Thymic and extrathymic lymphocyteMaturation
- Crossroads ofextrathymic lymphocytesmaturation pathways
Intrathymic lymphocyte maturation includes several closely related processes: migration, proliferation, differentiation and selection of thymocytes. The developing T cells within the thymus initially populate the outer cortex, where they undergo population growth, rearrangement of TCR genes and surface expression of CD3, TCR, CD4 and CD8 molecules. As thymic lymphocytes mature, they migrate from cortex to medulla. During this migration, lymphocytes go through three main developmental stages defined based on CD4 and CD8 expression.
In the earliest maturation stage, the cortical thymocytes are TCRαβ+ or TCRγδ+CD4-CD8- double negative (DN) cells. Afterward, they became TCRαβ+CD4+CD8+ double positive (DP) cells. TCRγδ+ lymphocytes are DN in stages of full maturity, while TCRαβ+ lymphocytes are DN only in earliest stages of intrathymic development. Finally, mature medullar thymocytes are TCRαβ+CD4+CD8- or TCRαβ+CD4-CD8+ single positive (SG) cells. Adult thymus contains about 5% DN, 80% DP 12% TCRαβ+CD4+CD8-and 3% TCRαβ+CD4-CD8+ SG lymphocytes. During these intrathymic transformations lymphocytes pass through positive and negative selection. Self-reactive thymocytes die by apoptotic mechanism, but remainder self-tolerant thymocytes become mature lymphocytes and soon leave the thymus (1–3).
The thymus is the major site of maturation of both helper T (Th) and cytotoxic cells (CTLs). If the thymus is removed from a neonatal mouse, this animal does not develop a normal T cell repertoire and remains in T cells throughout its life. The congenital absence of the thymus in humans (Di George syndrome) or in the ‘‘nude’’ mouse strain is characterized by low mature T cells in peripheral lymphoid organs and circulation, and deficiencies in T cell mediated immunity (4,5). However, the fact that some phenotypic mature and functional T cells do exist in athymic individuals or animals suggests conclusion that extrathymic sites of T cell maturation may exist. It may be that the remnant of the involuted thymus is adequate for some T cell maturation or that other tissues can assume the role of the thymus. Today we know that some T cells called extrathymic T cells have been found to become mature lymphocytes in extrathymic conditions without support by the thymus.
Tamauchi et al. (6) have demonstrated that TCRαβ+ DP thymocytes injected in athymic mice can develop into TCRαβ+CD4+CD8- and TCRαβ+CD4-CD8+ SG cells in extrathymic tissues. Same authors have experimental results that liver cells can influence lymphocyte maturation in athymic nude mice (6). Moreover, RAG1, RAG2 and pre-T cell receptor a chain expression as markers of lymphocyte immaturity are discovered in adult human hepatic T cells (7). These results suggest that pre-T cells are trafficking from the bone marrow or the thymus to other tissues to continue differentiation and selection in the context of an appropriate cellular and molecular environment. The presence of immature populations of T cells in the adult liver and high levels of RAG expression suggests that the adult liver provides such an environment for extrathymic T cell maturation. Except liver, there are many evidences that extrathymic lymphocytes maturation (eTLM) is possible in other tissues like epithelial tissue and peripheral lymphoid organs, for example Peyer’s patches (8–10).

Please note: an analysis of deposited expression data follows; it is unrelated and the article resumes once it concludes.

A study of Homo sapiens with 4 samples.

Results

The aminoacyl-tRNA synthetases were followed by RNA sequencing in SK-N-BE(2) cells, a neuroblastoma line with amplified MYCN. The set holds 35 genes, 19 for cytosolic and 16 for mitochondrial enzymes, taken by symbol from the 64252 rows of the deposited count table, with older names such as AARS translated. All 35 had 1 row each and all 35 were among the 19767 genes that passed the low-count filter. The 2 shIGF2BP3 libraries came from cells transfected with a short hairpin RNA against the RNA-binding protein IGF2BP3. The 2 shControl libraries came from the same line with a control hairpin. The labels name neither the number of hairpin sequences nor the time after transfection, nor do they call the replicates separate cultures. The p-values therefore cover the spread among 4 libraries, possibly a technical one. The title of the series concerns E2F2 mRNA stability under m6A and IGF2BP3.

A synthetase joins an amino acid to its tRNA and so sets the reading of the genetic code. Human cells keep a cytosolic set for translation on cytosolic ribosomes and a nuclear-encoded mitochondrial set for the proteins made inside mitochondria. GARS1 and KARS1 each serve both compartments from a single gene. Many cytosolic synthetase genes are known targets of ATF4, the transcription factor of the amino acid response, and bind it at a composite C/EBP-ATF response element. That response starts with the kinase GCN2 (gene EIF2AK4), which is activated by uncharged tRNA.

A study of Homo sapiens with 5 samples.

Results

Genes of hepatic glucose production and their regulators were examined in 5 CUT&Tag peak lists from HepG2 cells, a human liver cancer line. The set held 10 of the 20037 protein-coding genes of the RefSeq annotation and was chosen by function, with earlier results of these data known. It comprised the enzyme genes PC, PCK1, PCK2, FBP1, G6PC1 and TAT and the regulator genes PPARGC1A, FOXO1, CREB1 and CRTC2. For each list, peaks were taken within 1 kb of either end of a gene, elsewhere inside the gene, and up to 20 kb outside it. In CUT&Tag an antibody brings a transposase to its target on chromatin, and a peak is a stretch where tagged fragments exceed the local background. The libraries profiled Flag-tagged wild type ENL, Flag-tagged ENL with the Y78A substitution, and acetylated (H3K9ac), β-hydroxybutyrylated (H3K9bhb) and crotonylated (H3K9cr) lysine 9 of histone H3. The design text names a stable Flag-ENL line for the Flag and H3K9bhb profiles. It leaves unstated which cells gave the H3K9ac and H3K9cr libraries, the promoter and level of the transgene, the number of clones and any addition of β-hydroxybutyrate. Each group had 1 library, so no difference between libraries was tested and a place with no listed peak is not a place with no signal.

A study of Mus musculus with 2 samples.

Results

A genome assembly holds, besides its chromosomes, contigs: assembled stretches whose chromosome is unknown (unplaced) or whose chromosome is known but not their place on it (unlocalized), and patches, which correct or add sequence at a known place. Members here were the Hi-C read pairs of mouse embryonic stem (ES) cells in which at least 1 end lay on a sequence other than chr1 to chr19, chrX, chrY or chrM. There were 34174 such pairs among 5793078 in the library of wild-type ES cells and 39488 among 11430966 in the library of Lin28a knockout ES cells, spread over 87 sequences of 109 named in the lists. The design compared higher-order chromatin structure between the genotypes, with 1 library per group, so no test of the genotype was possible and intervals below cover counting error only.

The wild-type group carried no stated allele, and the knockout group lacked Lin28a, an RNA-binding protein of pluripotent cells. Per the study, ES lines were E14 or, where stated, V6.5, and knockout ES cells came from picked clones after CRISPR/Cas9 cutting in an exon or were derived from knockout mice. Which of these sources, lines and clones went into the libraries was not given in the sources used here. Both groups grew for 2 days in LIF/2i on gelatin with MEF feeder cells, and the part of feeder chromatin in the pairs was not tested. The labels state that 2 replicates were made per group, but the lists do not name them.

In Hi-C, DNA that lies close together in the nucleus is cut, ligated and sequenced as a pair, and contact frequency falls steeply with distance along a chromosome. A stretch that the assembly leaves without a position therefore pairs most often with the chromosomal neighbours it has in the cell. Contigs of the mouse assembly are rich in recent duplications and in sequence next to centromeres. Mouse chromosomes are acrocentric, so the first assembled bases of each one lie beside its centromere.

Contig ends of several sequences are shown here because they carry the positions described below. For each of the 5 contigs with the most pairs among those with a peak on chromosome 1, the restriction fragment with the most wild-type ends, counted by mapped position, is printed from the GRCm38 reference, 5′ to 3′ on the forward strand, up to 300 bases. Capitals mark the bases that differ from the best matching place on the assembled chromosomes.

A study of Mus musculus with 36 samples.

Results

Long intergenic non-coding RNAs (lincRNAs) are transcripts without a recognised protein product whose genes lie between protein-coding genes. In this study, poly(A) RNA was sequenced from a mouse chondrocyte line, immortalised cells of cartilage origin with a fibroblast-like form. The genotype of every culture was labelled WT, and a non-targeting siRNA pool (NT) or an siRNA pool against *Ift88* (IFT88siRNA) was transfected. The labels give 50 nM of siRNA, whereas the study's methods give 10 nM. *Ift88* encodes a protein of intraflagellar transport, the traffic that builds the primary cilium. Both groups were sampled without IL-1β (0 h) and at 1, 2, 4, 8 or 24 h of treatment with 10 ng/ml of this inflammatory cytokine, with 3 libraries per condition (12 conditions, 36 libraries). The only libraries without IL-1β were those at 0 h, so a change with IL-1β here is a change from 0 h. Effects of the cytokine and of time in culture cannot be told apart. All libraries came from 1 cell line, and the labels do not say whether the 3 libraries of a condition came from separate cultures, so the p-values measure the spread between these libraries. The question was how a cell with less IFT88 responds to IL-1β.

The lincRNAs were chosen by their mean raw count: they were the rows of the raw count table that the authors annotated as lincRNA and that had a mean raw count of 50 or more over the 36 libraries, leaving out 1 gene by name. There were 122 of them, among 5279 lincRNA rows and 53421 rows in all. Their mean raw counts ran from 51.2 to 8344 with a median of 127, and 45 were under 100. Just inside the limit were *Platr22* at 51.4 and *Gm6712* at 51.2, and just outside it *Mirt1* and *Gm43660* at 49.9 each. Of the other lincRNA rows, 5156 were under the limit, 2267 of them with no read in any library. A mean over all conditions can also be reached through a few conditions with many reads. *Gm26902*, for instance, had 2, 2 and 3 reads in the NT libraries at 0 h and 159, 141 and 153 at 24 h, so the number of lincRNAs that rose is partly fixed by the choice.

Thymic epithelial cells, dendritic cells and macrophages play an important role in processes of thymic maturation, including positive and negative selection. At the same time, there are data that similar cells are included in extrathymic lymphocyte selection (6,9,11). Kadena et al. (12) have found that the TCRαβ+ DN T cells develop through a unique extrathymic pathway through bacterial induced activation and accumulation of peritoneal macrophages (12). Signal for activation of eTLM probably is TNF-β, while same signal can be inhibitor of thymic maturation pathway (12,13). Moreover, there are data that eTLM process includes selection of self-reactive clones. Extrathymic selection process probably may go according to apoptotic death of self-reactive clones, but proliferation and full maturity of the clones is also possible. In vitro studies have demonstrated antigen-specific induction of apoptosis in TCRαβ+ DP thymocytes cultured in suspension, by thymic as well as splenic APCs. Thus, the recognition of antigen by TCRαβ+ DP thymocytes may lead to clonal deletion, which is not limited by the antigen-presenting ability of the thymic stroma (14). Because population of immature extrathymic T cells comprise both TCRαβ+ cells and TCRγδ+ cells in different maturation stages, some authors have evidences about phenomenon of TCR gene rearrangement in extrathymic lymphocytes (15–18). Sites of eTLM contain DN self-reactive oligoclones and constitutively express the IL-2 receptor b-chain (15). Borenstein et al. (19) showed that neonatal MHC class I tolerance in the adult is associated with low-level hematopoietic chimerism and extrathymic deletion of alloreactive SG CD8+ T cells. These data indicate that the process of (self)reactive clones negative selection or (self)antigen-reactive clones production like extrathymic phenomenon is possible (19).